Ukraine and Sergei Roy
Subject: Ukraine and Sergei Roy
Date: Sun, 06 Apr 2014
From: Stephen D. Shenfield <email@example.com>
I would like to thank readers who have sent me appreciative and encouraging responses to my paper “Ukraine:Popular Uprising or Fascist Coup?” (which is now online on my site at http://www.stephenshenfield.net/themes/international-relations/164-ukraine-popular-uprising-or-fascist-coup).
I would also like to respond to the long article by Sergei Roy (JRL 2014-#76). It is indeed “insightful” in many ways, but it also has objectionable aspects.
For one thing, it is one-sided.Roy rarely notes the extent to which what he says of Ukraine is also true of Russia. He makes great play of the dissociation between reality and the Ukrainian discourse that conjures up a Russian military invasion out of thin air. Apart from the fact that Russian troops are occupying not only Crimea but also adjacent parts of Kherson Province, is it not worth considering what actions and statements on Russia’s part might have contributed to the war psychosis in Ukraine? And why not acknowledge that the dominant Russian political discourse is also dissociated from reality in important ways? Doesn’t the official Russian political discourse conjure up an equally imaginary mass of refugees flooding into Russia from Eastern Ukraine?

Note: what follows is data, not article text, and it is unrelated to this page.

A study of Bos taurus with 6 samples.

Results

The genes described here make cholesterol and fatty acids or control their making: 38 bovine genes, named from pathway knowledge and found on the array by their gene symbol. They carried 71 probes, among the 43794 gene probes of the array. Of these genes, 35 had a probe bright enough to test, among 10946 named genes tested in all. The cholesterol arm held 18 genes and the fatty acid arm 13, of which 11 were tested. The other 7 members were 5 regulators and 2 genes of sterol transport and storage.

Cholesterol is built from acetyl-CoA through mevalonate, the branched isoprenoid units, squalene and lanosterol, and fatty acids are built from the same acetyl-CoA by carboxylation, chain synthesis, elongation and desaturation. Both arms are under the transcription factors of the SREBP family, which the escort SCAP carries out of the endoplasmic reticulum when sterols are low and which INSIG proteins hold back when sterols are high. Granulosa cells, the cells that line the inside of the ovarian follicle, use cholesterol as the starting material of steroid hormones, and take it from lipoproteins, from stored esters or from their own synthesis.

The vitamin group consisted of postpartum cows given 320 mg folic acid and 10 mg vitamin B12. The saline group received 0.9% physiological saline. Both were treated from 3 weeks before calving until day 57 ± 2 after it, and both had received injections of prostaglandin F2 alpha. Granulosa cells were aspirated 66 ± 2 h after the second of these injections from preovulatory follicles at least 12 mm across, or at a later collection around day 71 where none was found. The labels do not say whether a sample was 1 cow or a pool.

The long disquisition on the immaturity and poverty of the Ukrainian literary language has disturbing policy implications. If fewer world-famous authors have written in Ukrainian than in Russian, so what? The value of a language to its native speakers cannot be assessed by any such ‘objective’ criteria, nor do their linguistic rights depend on them.
I have noticed that many Russian speakers, in Russia and in Ukraine itself, hold the Ukrainian language in disdain. They habitually insert some Ukrainian expression into Russian speech (with special intonation) or writing (with quotation marks) – not because there is no equivalent in Russian but as an expression of ridicule. Though closely related to Russian, Ukrainian is now firmly established as a distinct language. Many Russian speakers, however, appear to perceive Ukrainian as a debased form of Russian. It is as if they are saying: ‘What absurd people to talk Russian like that!’
I would like to ask Roy to ponder whether the attitudes that he (like many others) expresses might have something to do with the harsh and aggressive form often assumed by Ukrainian nationalism.